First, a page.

Vitamin D deficiency during pregnancy increases risk of gestational diabetes
Severe vitamin D deficiency during the second trimester of pregnancy is significantly associated with increased risk for gestational diabetes mellitus (GDM).
Researchers at Postgraduate Institute of Medical Sciences, Rohtak, conducted a study to evaluate the association between vitamin D level and GDM. The results of the study have been published in the journal Diabetes and Metabolic Syndrome.
Vitamin D is a fat-soluble vitamin that regulates the absorption of calcium and phosphorus as well as facilitates normal immune system function. It is an essential nutrient important for strong bones and is produced by the body when skin is exposed to sunlight. Vitamin D has 2 forms: D2 (obtained from foods you eat) and D3 (obtained from sun exposure).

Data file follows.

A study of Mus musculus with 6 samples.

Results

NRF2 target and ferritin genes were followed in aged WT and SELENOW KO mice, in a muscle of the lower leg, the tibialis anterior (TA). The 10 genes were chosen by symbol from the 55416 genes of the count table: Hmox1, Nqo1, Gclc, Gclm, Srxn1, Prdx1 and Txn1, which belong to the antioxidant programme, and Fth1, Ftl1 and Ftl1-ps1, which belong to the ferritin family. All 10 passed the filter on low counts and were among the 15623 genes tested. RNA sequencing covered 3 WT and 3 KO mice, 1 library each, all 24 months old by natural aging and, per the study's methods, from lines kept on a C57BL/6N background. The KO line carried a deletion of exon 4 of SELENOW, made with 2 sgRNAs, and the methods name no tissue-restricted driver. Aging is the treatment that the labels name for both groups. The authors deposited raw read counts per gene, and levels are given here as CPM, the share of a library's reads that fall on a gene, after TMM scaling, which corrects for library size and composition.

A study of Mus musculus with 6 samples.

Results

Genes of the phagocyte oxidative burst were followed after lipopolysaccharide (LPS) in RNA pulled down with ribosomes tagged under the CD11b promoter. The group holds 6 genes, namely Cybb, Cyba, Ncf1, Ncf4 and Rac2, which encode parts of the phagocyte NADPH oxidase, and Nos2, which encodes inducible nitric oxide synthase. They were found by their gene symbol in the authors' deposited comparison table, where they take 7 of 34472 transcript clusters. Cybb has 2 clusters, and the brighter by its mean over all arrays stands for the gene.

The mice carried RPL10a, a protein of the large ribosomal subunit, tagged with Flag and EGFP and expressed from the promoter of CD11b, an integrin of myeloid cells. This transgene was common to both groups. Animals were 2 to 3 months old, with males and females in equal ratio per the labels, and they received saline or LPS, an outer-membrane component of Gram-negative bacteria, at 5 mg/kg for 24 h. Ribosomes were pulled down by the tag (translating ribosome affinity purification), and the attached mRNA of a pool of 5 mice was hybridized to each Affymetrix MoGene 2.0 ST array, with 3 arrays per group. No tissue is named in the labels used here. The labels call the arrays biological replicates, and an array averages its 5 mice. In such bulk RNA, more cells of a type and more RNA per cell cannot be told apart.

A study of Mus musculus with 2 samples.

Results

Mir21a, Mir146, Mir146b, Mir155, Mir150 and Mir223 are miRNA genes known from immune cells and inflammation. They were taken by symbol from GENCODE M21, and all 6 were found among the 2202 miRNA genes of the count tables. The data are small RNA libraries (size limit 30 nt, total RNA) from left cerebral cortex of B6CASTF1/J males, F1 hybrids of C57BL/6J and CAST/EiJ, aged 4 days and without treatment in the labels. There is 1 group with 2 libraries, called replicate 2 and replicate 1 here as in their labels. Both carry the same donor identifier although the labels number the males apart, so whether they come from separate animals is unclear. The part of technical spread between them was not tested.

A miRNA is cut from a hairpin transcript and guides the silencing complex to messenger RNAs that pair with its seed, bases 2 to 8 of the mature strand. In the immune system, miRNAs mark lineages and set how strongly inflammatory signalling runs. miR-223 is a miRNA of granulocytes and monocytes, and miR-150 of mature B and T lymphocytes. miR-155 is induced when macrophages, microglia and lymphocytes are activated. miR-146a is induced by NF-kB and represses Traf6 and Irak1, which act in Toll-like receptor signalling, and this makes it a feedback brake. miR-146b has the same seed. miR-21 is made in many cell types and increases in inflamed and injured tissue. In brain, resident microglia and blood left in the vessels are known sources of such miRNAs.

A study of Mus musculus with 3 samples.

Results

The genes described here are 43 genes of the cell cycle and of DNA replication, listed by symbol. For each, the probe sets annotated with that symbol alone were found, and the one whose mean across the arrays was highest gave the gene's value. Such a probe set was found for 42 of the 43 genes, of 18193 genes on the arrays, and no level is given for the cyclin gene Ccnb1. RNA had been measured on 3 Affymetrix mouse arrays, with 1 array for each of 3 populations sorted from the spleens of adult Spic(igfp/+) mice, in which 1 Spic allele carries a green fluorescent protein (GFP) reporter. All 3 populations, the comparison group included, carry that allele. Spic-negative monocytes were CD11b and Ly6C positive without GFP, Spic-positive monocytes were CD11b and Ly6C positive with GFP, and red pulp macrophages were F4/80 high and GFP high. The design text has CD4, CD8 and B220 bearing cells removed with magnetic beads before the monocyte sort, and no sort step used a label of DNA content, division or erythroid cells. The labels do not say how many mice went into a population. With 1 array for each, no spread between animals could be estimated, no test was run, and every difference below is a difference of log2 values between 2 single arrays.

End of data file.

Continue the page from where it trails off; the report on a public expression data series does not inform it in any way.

The researchers conducted the study on 50 diagnosed patients of GDM attending the antenatal clinic in the obstetrics and gynaecology department of Pt. B.D. Sharma PGIMS, Rohtak. 50 age and gestational age-matched normoglycemic women were taken as control group. The procedure of the study was explained to the participants and informed consent was taken. Their serum vitamin D levels were measured using the enzyme-linked immunosorbent assay method. Depending on vitamin D levels, the women with GDM were categorised as: sufficient (>75 nmol/L or 30 ng/mL), insufficient (<75 but >50 nmol/L or <30 but >20 ng/mL), deficient (<50 but >25 nmol/L or <20 but >10 ng/mL) and severe deficient (<25 nmol/L or 0-10 ng/mL).